Family of Slain Child Wants New Local Alert System

An Amber Alert was not issued for a missing 5-year-old boy, Prince McCree, in Milwaukee.
The national Amber Alert system automatically sends alerts to millions of cellphones when a report is issued in their area.
The national Amber Alert system automatically sends alerts to millions of cellphones when a report is issued in their area.
Rich Pedroncelli/Associated Press

The family of a slain 5-year-old is hoping for a new notification system after an Amber Alert wasn’t issued after the child’s mother called police to report his disappearance.

After 6 p.m. Oct. 25, police were called to the Milwaukee home of Prince McCree after his mother reported the boy missing. She hadn’t seen him since 9 a.m., when he went to the basement to play video games with Erik Mendoza, 15, and David Pietura, 27, who both lived at the house with Prince and his mother. Prince’s body was found in a dumpster behind a bar one day after he was reported missing, and Mendoza and Pietura were charged with murder after they allegedly admitted their involvement to police.

Prince’s family is grieving and trying to understand why an Amber Alert wasn’t issued for him. Prince’s mother shared a petition on Facebook asking for signatures to establish a new alert system for missing children who don’t meet the Amber Alert criteria. For a case to qualify as an Amber Alert, the child must be 17 or younger, in “danger or serious bodily harm or death” and the police have to give the state “enough descriptive information about the child.” The Milwaukee police told HuffPost that they “consulted with the Wisconsin Department of Justice; however, it did not meet their criteria.” The Wisconsin Department of Justice said it wasn’t its investigation and it was not releasing sensitive law enforcement information.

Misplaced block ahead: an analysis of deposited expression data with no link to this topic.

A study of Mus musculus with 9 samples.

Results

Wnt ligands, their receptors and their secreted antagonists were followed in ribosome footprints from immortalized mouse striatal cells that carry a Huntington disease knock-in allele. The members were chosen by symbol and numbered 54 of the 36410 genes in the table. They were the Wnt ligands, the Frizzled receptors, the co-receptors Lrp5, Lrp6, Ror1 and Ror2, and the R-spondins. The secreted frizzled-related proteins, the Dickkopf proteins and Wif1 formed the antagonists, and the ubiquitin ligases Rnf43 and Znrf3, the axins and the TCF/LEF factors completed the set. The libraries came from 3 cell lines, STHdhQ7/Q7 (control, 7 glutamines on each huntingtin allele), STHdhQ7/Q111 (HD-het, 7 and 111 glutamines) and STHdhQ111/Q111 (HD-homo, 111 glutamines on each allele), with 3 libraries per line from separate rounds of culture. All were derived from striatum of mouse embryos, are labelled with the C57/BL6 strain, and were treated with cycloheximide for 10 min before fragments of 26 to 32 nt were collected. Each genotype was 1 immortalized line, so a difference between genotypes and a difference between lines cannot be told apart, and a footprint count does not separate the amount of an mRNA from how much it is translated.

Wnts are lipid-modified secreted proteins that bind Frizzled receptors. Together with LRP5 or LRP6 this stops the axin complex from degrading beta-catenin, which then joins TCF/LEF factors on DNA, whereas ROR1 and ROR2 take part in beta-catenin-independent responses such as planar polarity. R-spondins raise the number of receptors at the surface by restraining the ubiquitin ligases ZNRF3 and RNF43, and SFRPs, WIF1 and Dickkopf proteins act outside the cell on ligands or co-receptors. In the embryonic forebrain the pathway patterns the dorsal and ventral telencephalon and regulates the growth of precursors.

“Every missing child deserves the best chance at survival, regardless of whether their circumstances fit into existing alert systems,” the petition says.

We propose creating and naming a new subsection apart from the Amber Alert system that will be named the PRINCE ALERT in honor of Prince [McCree] and it will cover situations where children are missing but don’t fit within those specific criteria. This new system would help ensure all missing children get immediate attention and increase their chances of being found safe.”

Wisconsin state Sen. LaTonya Johnson told The New York Times that even though an Amber Alert might not have saved Prince, she is looking into creating a system of local alerts, when criteria don’t meet the Amber Alert standards.

“We had neighbors on our block who went to sleep and woke up to the fact that Prince was found dead and did not even realize he was missing,” Johnson told The New York Times.

Prince’s mother’s cousin organized a GoFundMe for Prince’s funeral and to help Prince’s parents with expenses. It has raised more than $20,000.

Police found Prince’s body in a garbage bag in a dumpster on Oct. 26. It was “blood-soaked, bound and gagged in the fetal position,” according to a criminal complaint. A rag was in his mouth and there were gashes to Prince’s head and body and tape around his neck, wrist and ankles.